Marcus (marcus132) wrote,

The Argument for Fist Bumping

I am not a social creature. When I meet an old friend on the street and he comes at me with some sort of initiation to a physical greeting, I seize up and invariably do the wrong thing, ending in some horrible confluence of fingers and elbows.

Case in point: Last night I ran into a couple of guys from work outside of Target*. One of them came at me with some sort of physical greeting that I misinterpreted so grossly that it turned into full-body spooning with a pirouette that I could not recreate for you now, even using powerful computer visualization models. The other guy just looked on in horror and silently thanked God that he was holding a parcel large enough to preclude any interaction with me.

In the aftermath of this incident, I feel it prudent to lay down some ground rules delineating exactly what behaviors not to exhibit when greeting me.

Don't extend a low hand, palm up.
What do you want here? Is this an invitation for a low five? Do you expect a handshake? Either way, I guarantee I'm going to do the wrong thing, leaving us both feeling awkward and stupid.

And if it is a handshake you want, are you going to throw some kind of jive grab-tug-pistol-fingers thing at me? Are you going to pull me in for a one-armed, back-slapping man hug? I have no idea what's going on, and I panic. I might even pee on you.

Don't extend a high hand, elbow up.
Aaagh! What's going on? Is this an exuberant "airplane coming in for a landing" handshake that I'm supposed to meet halfway? Am I supposed to put out a hand to catch a rapidly descending low five? If I am, I guarantee that I will not find the proper alignment and we will create a sloppy, noiseless finger grope that leaves us both feeling dirty and inadequate.

Or are you going to try to hug me? I have no idea what's going on, so I'm going to tense up once you're on me, thus beginning our chance encounter with you feeling guilty, like some kind of hug rapist.

Don't put both arms out, coming in for a hug.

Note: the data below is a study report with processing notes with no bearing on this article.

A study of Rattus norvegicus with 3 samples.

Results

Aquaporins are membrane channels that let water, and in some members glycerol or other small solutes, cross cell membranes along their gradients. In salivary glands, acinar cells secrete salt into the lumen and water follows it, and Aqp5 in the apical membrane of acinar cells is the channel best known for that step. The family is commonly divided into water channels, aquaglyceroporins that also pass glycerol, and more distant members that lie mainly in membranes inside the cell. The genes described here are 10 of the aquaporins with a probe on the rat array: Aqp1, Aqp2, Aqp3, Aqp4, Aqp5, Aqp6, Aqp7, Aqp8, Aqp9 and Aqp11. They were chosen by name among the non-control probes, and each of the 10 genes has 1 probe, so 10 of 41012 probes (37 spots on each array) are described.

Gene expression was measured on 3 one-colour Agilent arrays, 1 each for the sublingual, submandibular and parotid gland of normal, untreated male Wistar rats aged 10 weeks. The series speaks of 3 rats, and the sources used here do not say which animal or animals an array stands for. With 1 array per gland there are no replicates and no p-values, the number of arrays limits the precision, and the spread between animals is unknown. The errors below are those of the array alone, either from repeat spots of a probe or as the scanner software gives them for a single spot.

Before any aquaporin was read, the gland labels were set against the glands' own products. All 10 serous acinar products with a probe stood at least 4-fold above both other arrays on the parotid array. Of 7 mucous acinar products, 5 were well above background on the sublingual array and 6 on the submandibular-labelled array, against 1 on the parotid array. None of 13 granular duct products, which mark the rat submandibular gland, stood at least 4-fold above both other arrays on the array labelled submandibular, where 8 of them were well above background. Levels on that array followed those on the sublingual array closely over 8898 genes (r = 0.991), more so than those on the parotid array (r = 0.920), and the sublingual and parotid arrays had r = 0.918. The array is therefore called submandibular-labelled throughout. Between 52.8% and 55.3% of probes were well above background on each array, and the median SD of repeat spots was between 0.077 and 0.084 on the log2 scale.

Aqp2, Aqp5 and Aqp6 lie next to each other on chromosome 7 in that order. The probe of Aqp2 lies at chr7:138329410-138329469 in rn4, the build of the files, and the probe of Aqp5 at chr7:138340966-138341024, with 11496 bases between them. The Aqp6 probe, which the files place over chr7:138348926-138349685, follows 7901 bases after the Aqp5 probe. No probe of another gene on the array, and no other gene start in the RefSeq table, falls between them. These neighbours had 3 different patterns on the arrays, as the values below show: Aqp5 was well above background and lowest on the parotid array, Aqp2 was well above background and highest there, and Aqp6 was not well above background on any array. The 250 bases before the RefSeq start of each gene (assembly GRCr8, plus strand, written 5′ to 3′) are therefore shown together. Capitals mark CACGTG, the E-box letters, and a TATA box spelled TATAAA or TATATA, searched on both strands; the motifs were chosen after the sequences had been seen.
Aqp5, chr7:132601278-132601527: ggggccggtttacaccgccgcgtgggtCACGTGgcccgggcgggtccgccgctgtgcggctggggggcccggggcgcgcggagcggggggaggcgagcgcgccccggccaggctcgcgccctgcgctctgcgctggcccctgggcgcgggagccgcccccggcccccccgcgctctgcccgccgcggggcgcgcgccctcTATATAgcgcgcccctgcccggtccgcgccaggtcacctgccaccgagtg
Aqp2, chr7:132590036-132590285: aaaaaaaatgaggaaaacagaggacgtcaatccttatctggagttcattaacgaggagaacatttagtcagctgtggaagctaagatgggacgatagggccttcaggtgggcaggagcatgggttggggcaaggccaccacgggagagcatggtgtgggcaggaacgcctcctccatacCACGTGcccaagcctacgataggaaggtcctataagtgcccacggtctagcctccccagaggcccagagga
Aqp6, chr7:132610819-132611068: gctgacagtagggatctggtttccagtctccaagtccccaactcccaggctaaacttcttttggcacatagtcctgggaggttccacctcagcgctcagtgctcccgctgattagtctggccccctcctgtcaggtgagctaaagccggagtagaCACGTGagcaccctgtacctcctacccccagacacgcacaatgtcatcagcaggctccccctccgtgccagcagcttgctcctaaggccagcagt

This one I can usually decipher, but I'm still not into it. You might notice that the way I'm "hugging" you back is a tepid, open-palmed pat to the back, like a manatee trying to paddle its way out of the grasp of a predator.

Don't lean in with your shoulder down.
What the hell is this thing? Are we playing football? Am I supposed to tackle you? Is this some kind of chest bumping thing or the foreplay to a manly hug? If you come at me like this, I'm just going to stand there motionless and wait for whatever happens to be over.

Don't come in for the European double-cheek kiss.
Thankfully nobody has ever actually tried this one on me. I guess this is the silver lining to my scabby, pus-filled completion.

I guess what I'm trying to say is, if you absolutely must make physical contact with me upon our casual meeting, the only acceptable means to do so is...

Give me a fist bump.
Outside of a utopian future world where nobody touches one another at all (as depicted in the movie Demolition Man) a fist bump is the best possible physical greeting for many reasons.

- Its intent is clear. When somebody holds out a fist, they are either going to bump you or punch you out. There is usually no ambiguity as to which is going on.

- It requires very little accuracy. Unlike the high five, which reports a failed completion with a weak, flaccid slap, the fist bump keeps it on the down low. Even if you're some kind of spaz who can only connect the knuckle of your pinky finger with your partner's, a fist bump will still let you quietly save face.

- It is less of a disease vector. Yeah, that's right. If you do manage to actually get a firm handshake or hug in on me, all I'm thinking is, "Germs germs germs germs." If you happen to be moist or smelly at the time, I will actively avoid you in the future. With a fist bump we can sidestep all of this unpleasantry and not have to worry if the other is contagious.

As of now, I consider my opinions on this matter to be entered into the public record. If you meet up with me and you still feel you must somehow touch me to mark the occasion, a fist bump is the only gesture I will accept.

Thank you for your attention this matter, and I look forward to not awkwardly grasping your fingers and torso in the future.

* Yes, the aforementioned "guy from work" was TV's David Henrie, while TV's Gregg Sulkin looked on in horror. The only thing worse than an awkward public physical encounter is one involving Tiger Beat celebrities.